Kentucky's Berea College: a magnet for lovers of crafts
Berea, Ky. — Berea College has long been recognized for its student craft industries - broom-making, ceramics, weaving, and wrought-iron work - that not only help the students earn their way through school but also serve as Appalachia's heritage. Frost-belt folks driving to and from Florida frequently stop off in this country town for campus tours, strolls through the gift shop, and lunch at the college-run Boone Tavern Inn.
Little more than an hour from the Shaker village in Pleasant Hill, and just minutes from I-75, the interstate that slices Kentucky from Cincinnati to Knoxville, Berea is still a worthwhile detour from even the most pressing travel schedule. Anyone with more than a passing interest in native American crafts will find a visit particularly rewarding.
Not only is Berea a perfect introduction to Appalachian culture and the place to load up on beautifully handmade items at a steal of a price, but it is also a country town that saunters to decidedly rural rhythms. A hand-lettered sign in the drugstore window declares ''We have White Shoulders'' (perfume). Waitresses at the local pizza shop still explain spumoni ice cream. And folks play Chinese checkers in the lobby of the inn. It is a place happily devoid of kitsch. A visit can last an hour or a full day, but highlights should include the following:
* Boone Tavern Inn. A stay here is like visiting Grandmother's house. Rooms are clean, cheerful, full of handmade furniture, and very reasonable. Rates for a double room start at less than $30. The dining room - dinner runs less than $ 15 - boasts Kentucky cuisine of the fresh-trout-and-spoonbread variety. Breakfasts are full, country-style affairs. There is no tipping allowed: 90 percent of the staff are students learning hotel management skills. They all seem duty-bound to address everyone in respectful tones.
* Student Industries. Of the roughly 1,500 students attending the college, 80 percent are from the southern Appalachian area. But all students, regardless of background, earn their room and board through the college work program. Campus tours of the craft shops are available Monday through Friday 9 a.m. to 2 p.m. The crafts, including hand-woven placemats and napkins, brooms, and hand-thrown ceramics, are available for purchase at the inn's giftshop.
* Appalachian Fireside Crafts. The largest craft cooperative in Kentucky has its gallery and retail shop located on Berea's Main Street. The store - a former restaurant and bank complete with stainless steel safe and track lighting - is a bit of New York's Upper East Side adrift in the Kentucky hills. The handmade items - full-size quilts and cherry highboys to hickory bark birdhouses and rag dolls - are beautifully displayed along with rotating exhibits of local artists' work. Proceeds directly benefit the cooperative members, and prices are drastically below retail shops elsewhere.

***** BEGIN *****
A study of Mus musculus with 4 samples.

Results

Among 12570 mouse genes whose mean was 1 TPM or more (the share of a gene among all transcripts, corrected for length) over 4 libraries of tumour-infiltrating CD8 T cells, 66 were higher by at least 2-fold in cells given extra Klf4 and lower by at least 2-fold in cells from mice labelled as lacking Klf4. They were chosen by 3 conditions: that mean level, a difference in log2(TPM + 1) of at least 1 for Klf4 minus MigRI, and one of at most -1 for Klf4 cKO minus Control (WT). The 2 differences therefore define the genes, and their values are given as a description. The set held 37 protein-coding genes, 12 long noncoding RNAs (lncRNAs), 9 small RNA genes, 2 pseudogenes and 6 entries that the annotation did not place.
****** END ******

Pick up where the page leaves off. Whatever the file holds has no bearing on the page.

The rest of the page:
For instance, wool rag rugs priced here at $200, recently sold in a nationwide department store for 10 times that amount. Other good buys include crib quilts, traditional Kentucky egg baskets, ceramic bowls, and two-foot-tall men carved from buckeye wood. The gallery is open every day until 9 p.m. and a catalog is available.
* Churchill Weavers. One of the largest producers of hand-weaving in the country, this workshop is a two-minute drive out of Berea and a must for anyone with an appreciation for this art. Free, self-guided tours of the actual weaving operation are available and the salesroom is full of richly colored, reasonably priced rugs, draperies, and throws - all woven on the premises. A recent visit also yielded mohair shawls for less than $70 and hand-woven wool sweaters at $30 .
* Appalachian Museum. This is not the Metropolitan Museum of Art, and the introductory 18-minute slide-tape program may strike some as simply amateurish. But a careful perusal of the toys and tools of turn-of-the-century Appalachia assembled under the auspices of Berea College cannot help but augment one's appreciation for the rugged mountain residents who made nearly everything by hand. The unsentimental black and white photographs by Doris Ullman are worth the price of admission - $1 - alone. Museum hours are 9 a.m. to 8 p.m. in summer and until 6 p.m. in winter.